Ernest Rutherford

Mark Ibañez
May 14, 2018

Submitted as coursework for PH241, Stanford University, Winter 2018


Fig. 1: Ernest Rutherford- The founder of Nuclear Science. His remarkable discoveries of the concept of radioactive half-life, of the α and β particles, the atomic nucleus, and the proton contribute to his renowned status as a Nobel Laureate. (Source: Wikimedia Commons)

Ernest Rutherford (1871-1937) was a physicist who lead the charge in the study of radioactivity, and ultimately unearthed the continued exploration of nuclear physics. Rutherford was born in Spring Grove, on the South Island of New Zealand on August 30, 1871. [1] At a very young age Rutherford cultivated a deep interested in science and scientific experimentation, and thus he was awarded a scholarship to attend Nelson Collegiate School, a private secondary school, in 1887. Then in 1889 he was awarded yet another University scholarship to attend the University of New Zealand, Wellington, from which he would enter the Canterbury College and graduate M.A. in 1893 with a double first in Physical Science and Mathematics. [1] During his time at Canterbury, Rutherford met the love of his life, Mary Newton, and the couple married in the early 1900's. Shortly after, he was awarded the Nobel Prize in Chemistry in 1908. Ernest Rutherford continued to unearth scientific marvels until his death in 1937. [1] A portrait of Ernest Rutherford is shown in Fig. 1.

Research and Discoveries

At Canterbury Rutherford conducted several independent research studies involving radioactivity; so many, that he was able to receive a Bachelor of Science degree in one year. Shortly thereafter, Rutherford became a full time research Student at the University 0f Cambridge's Cavendish Laboratory in London, where he worked to identify radio waves more efficiently. [2] During his time at the Cavendish Laboratory he worked with Professor J. J. Thomson, studying X-rays. The two were interested in the numerous effects that X-rays would have on the conductivity of gases, ultimately focusing on the division of atoms and molecules into ions.

Rutherford and Thomson separated as partners and Rutherford became more interested in ion-producing radiations. One of Rutherford's most notable achievements and contributions to the nuclear age occurred when he began a new professorship at the University of Manchester. He wanted to experiment with the theory of uranium radiation. Rutherford hypothesized that the rays emitting from uranium would be complex, so he proposed that testing how well the rays permeated different metal foils may help show what the different characteristics of the rays were. [3] To explore this Rutherford covered uranium with a thin sheet of metal foil, and then intended to measure the "rate of leak," which would indicate a specific amount of current. Rutherford experimented with placing multiple sheets of metal and aluminum foil in order to observe how much the rate of leak would increase or decrease, while also observing how much of the radiation would be blocked. In his final test using aluminum foil (0.0005 cm thick), he found that using 12 layers, instead of his original 4, would decrease the leak rate significantly. [3] Rutherford discovered two components of the radiation and described them as α-rays and β-rays, understanding later that the radiation from uranium was composed of both α-rays and β-rays.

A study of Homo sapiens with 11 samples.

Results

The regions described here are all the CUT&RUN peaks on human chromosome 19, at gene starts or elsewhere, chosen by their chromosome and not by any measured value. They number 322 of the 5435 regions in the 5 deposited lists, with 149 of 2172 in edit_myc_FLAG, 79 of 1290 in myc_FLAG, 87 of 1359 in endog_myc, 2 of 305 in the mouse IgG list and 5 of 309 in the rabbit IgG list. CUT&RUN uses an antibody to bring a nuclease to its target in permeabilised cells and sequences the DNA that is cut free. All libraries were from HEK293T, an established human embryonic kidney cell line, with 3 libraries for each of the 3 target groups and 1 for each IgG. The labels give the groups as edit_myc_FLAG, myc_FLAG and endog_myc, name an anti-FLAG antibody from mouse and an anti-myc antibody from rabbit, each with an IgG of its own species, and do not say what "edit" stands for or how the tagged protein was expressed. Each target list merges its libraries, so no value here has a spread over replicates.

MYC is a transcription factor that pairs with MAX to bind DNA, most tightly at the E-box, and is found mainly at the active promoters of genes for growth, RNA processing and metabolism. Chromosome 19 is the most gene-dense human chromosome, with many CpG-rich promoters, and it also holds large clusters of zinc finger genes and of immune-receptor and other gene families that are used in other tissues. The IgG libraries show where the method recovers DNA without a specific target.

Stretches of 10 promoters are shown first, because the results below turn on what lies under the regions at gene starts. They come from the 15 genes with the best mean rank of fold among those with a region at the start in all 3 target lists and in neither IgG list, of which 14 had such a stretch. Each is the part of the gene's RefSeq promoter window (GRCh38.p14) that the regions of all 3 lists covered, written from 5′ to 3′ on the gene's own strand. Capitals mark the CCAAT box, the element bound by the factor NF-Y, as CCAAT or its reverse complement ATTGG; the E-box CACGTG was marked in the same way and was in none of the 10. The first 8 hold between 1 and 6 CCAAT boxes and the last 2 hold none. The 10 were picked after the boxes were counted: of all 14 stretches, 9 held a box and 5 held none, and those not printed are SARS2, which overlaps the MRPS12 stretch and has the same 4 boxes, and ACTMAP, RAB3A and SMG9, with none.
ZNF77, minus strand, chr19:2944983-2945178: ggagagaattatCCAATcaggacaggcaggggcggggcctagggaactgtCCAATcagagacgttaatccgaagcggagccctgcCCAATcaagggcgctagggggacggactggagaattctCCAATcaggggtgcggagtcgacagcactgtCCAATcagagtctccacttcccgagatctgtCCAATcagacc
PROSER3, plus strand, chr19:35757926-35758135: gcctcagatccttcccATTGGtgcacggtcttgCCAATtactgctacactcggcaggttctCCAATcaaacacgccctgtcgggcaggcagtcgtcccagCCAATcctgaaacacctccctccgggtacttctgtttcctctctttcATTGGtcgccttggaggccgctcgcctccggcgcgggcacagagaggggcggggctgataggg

Ernest Rutherford then accepted a professorship at McGill University in Montreal in 1902 through which he and his colleague Frederick Soddy presented their disintegration theory of radioactivity. This theory explained how radioactive energy was emitted from within an atom and claimed that the emission of an α- or β- particle was that specific atom's transmuting from one chemical element to the other. Rutherford also conducted a number of experimental studies to prove this theory to be true.


Ernest Rutherford's legacy persists today through the continued exploration of nuclear physics. For example, his fascinating experiment can even be recreated today. [3] In addition to this, some of his most notable discoveries became the foundation of the European Organization for Nuclear Research's construction of the Large Hadron Collider, an energy particle accelerator that smashes atomic particles. Rutherford's experiments easily prove him to be the founder of Nuclear Science.

© Mark Ibañez. The author warrants that the work is the author's own and that Stanford University provided no input other than typesetting and referencing guidelines. The author grants permission to copy, distribute and display this work in unaltered form, with attribution to the author, for noncommercial purposes only. All other rights, including commercial rights, are reserved to the author.


[1] C. L. Boltz, Ernest Rutherford (Heron Books, 1970).

[2] J. L. Heilbron, Ernest Rutherford: And the Explosion of Atoms (Oxford University Press, 2003).

[3] N. Martelaro, "Rutherford's Experiment to Understand β-rays," Physics 241, Stanford University, Winter 2017.